Every Hall-of-Fame career has to start somewhere.
It just so happened cornerback
In the very first game of his career, Bailey – then a Washington Redskin – was matched up against another legend in Michael Irvin for the majority of the day against the Dallas Cowboys.
“You’ve got to think, since I was little, Troy Aikman, Michael Irvin, Emmitt Smith, I’d looked up to them,” Bailey said. “That was a surreal moment. You don’t get an opportunity like that to play against guys you really watched and liked growing up.”
He had mixed results in the contest, as Irvin notched five catches for 122 yards and two touchdowns.
But Bailey, ever the competitor, wanted to make sure it was known that those scores weren’t against him – he was on the sideline late in the game with cramps. And in addition to five tackles in his first-ever game, he snared the Aikman interception – a fitting start for the now 11-time Pro Bowler.
“I felt like I belonged at that moment,” he said. “You pick a Hall of Fame quarterback – not a lot of people can say they did that. It was a special moment for me.”
From that game on, Bailey has never backed down from a challenge, battling opposing teams’ top receiver for more than a decade.
“Back then it was just my raw ability and trying to learn as I go,” Bailey said. “Now it’s a lot more about my knowledge and my instincts. That never leaves.”
Nine games into his 14th season, Bailey has already squared off against wideouts the likes of Pittsburgh’s Mike Wallace, Atlanta’s Julio Jones, Houston’s Andre Johnson, New Orleans’ Marques Colston, Cincinnati’s A.J. Green and Carolina’s Steve Smith.
None of them reached 100 receiving yards, and Bailey has surrendered just one touchdown this season.
“That’s what allows us to be among the top of the league in sacks,” defensive end
So how has Bailey maintained such a high level of play for so long?
“First of all, he’s just a smart player,” Dumervil said. “He used to be a student of the game, he may be a professor of the game now.”
His position coach agreed.
“Good genes,” Secondary Coach Ron Milus laughed, noting that Bailey also keeps himself in great shape. “He’s one of the guys that I kind of point to as a coach on the field, even though he’s playing. He knows exactly what’s going on at all times.”
Dumervil said it’s not uncommon for Bailey to let the defense know what’s about to happen in a play before the snap. That comes from tireless preparation not only every week during the season, but throughout the offseason.
“That’s why he has adjusted and why he’s lasted as long as he has and why he’s been such a centerpiece of the Broncos since he’s been here,” Executive Vice President of Football Operations John Elway said.
Rules have changed – “They definitely favor the offense a lot,” Bailey said.
Receivers have changed – “Everybody’s 6-3, 6-4, 220 (pounds).”
But Bailey has continued to play at an elite level throughout it all.
"I love Champ, how he plays and what he does," Cincinnati Bengals Head Coach Marvin Lewis said. "He's still doing it. I remember being on Georgia's campus when Champ came out. It's fun to see him still doing it the way he's doing it."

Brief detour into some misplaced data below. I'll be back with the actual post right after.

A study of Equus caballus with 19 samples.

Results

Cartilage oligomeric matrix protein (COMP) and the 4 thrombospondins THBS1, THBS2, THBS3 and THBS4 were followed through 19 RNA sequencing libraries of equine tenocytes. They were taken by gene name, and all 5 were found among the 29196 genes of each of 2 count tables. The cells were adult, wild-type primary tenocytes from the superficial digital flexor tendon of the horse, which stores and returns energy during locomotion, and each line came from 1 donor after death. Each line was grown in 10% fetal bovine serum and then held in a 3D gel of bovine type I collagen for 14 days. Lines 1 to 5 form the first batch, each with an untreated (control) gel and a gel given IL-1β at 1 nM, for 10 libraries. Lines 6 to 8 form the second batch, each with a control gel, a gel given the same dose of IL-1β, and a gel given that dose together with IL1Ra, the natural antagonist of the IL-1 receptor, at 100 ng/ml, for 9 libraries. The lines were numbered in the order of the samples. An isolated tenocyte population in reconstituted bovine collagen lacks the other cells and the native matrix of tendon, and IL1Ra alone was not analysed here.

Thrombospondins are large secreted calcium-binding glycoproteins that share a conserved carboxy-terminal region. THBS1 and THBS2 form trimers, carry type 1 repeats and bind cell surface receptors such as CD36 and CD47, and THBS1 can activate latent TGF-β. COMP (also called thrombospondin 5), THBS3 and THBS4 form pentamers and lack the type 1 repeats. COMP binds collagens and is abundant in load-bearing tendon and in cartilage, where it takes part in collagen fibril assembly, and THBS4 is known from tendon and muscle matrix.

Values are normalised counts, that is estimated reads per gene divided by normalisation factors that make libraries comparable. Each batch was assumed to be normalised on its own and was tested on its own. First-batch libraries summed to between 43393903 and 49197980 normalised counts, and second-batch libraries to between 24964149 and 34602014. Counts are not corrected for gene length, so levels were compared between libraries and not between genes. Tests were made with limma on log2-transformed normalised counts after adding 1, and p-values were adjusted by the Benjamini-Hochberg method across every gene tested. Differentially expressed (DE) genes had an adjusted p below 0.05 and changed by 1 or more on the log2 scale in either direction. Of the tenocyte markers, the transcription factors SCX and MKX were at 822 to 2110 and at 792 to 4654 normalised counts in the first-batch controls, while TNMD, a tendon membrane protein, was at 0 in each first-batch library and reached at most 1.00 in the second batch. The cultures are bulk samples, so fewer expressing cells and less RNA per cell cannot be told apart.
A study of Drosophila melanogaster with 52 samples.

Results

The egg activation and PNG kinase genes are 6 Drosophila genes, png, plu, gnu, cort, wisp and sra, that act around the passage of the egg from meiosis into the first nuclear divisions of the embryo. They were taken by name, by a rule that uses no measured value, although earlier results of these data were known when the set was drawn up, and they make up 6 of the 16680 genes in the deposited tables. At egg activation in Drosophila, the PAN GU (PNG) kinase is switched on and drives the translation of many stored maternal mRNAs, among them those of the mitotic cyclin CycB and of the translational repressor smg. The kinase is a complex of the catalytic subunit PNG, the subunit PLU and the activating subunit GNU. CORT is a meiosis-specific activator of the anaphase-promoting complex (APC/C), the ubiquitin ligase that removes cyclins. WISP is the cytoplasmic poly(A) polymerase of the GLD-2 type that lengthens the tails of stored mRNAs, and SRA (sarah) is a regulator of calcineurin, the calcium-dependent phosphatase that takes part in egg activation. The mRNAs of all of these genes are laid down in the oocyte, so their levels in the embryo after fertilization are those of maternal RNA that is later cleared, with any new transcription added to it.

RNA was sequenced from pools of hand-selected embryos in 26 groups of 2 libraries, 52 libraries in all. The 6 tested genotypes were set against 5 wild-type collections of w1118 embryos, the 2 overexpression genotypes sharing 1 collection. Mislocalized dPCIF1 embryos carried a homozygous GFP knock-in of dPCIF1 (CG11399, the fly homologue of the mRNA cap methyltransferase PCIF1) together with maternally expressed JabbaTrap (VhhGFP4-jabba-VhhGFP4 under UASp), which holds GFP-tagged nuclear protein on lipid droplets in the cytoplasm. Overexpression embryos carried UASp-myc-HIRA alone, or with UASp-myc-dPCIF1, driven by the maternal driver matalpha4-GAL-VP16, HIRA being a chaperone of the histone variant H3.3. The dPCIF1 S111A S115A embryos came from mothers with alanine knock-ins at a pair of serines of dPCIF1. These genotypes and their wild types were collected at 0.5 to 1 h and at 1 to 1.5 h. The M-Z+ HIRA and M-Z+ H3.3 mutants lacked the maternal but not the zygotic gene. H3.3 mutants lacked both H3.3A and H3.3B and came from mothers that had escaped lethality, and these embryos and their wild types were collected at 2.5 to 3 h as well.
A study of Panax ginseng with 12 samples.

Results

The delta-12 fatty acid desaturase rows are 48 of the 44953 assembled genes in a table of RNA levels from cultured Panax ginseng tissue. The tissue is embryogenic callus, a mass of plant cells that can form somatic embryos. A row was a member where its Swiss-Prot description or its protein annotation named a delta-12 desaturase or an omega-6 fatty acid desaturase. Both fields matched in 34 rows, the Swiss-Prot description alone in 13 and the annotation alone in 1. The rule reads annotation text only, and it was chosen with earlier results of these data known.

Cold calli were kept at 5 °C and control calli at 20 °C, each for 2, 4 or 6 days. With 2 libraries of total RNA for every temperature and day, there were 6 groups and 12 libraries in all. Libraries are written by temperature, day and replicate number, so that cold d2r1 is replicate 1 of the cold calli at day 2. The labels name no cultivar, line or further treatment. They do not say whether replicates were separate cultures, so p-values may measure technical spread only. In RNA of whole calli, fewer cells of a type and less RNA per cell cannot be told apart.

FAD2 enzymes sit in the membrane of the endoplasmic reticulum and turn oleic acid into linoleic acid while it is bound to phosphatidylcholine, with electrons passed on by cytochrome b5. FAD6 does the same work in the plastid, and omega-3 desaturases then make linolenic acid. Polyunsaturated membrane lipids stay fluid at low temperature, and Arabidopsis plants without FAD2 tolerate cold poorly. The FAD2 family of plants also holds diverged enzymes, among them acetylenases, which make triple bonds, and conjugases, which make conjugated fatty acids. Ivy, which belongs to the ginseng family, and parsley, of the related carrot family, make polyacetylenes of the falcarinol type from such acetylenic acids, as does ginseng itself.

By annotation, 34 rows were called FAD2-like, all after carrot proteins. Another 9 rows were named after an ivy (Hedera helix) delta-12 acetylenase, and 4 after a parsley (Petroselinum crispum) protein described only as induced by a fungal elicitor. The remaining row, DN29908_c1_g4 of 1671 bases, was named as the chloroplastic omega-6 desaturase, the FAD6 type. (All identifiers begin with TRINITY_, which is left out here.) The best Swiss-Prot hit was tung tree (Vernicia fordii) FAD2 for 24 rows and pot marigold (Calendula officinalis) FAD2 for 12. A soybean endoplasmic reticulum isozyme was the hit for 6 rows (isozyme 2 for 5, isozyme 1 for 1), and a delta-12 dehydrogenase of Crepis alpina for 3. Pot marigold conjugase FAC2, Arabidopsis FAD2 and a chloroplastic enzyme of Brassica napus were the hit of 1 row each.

And he’s done it within the rules.
Bailey has been targeted 469 times since 2006. He has been penalized for pass interference on just three occasions – less than one percent of the times the ball has been thrown his direction.
“I haven’t had to tweak my game a whole lot,” said Bailey, who leads all cornerbacks with 51 interceptions since his rookie season. “Even though I’m a physical corner, I’ve always tried to just play with my feet and not grab a lot, pull and depend on snatching people and trying to break the rules.”
That technique is what stands out to Bailey’s teammates, on offense and defense.
“He’s able to get up and press you or play off,” wide receiver
At 6-foot-3, 229 pounds, wide receiver
Just as Bailey grew up idolizing Dallas’ big three on offense, Thomas grew up with a great appreciation for what Bailey can do on defense.
“I was dreading going against him when I first got here,” Thomas said. “But I knew it would make me better.”
A DECADE-PLUS OF DOMINANCE
When Bailey first got started in the league, he always dreamed of a decade.
“That was a big thing,” he recalled. “I remember guys would always say that. ‘If I can just get 10 years in.’ I was one of them, I’m not going to lie. But as I approached 10, I thought, ‘I’m still playing at a high level. Why walk away from something I love to do? And I make a good living doing it.’”
Prior to the 2011 season, Elway signed Bailey to a four-year contract extension with the team, essentially ensuring the cornerback will end his career in orange and blue.
“Winning is going to happen a lot sooner than people think,” he said at the time.
Twenty-two months later, the Broncos have their first playoff victory since the 2005 season under their belts, and currently sit atop the AFC West again this season.
“I’m not going to say I’m a genius,” Bailey laughed, “but once Elway took over, it kind of encouraged me to believe in the system and the team and where it’s going. I’m just glad I made my decision to stay here.”
Now, he is serving as one of five team captains along with
With that type of talent and leadership on both sides of the ball, Bailey has welcomed the high expectations surrounding the club this season.
“When you’ve got guys in the building knowing that we’ve got a chance to go all the way, it makes you work a little harder,” he said. “It makes you want to come to work every day.”
Bailey still covets his job and the challenge of going up against the best week-in and week-out.
And he doesn’t plan on slowing down any time soon.
"Story of my life for the past 14 years," he said. "I love it."
EDITOR'S NOTE: This story originally ran in the Week 11 Gameday program, when the Broncos defeated the San Diego Chargers 30-23.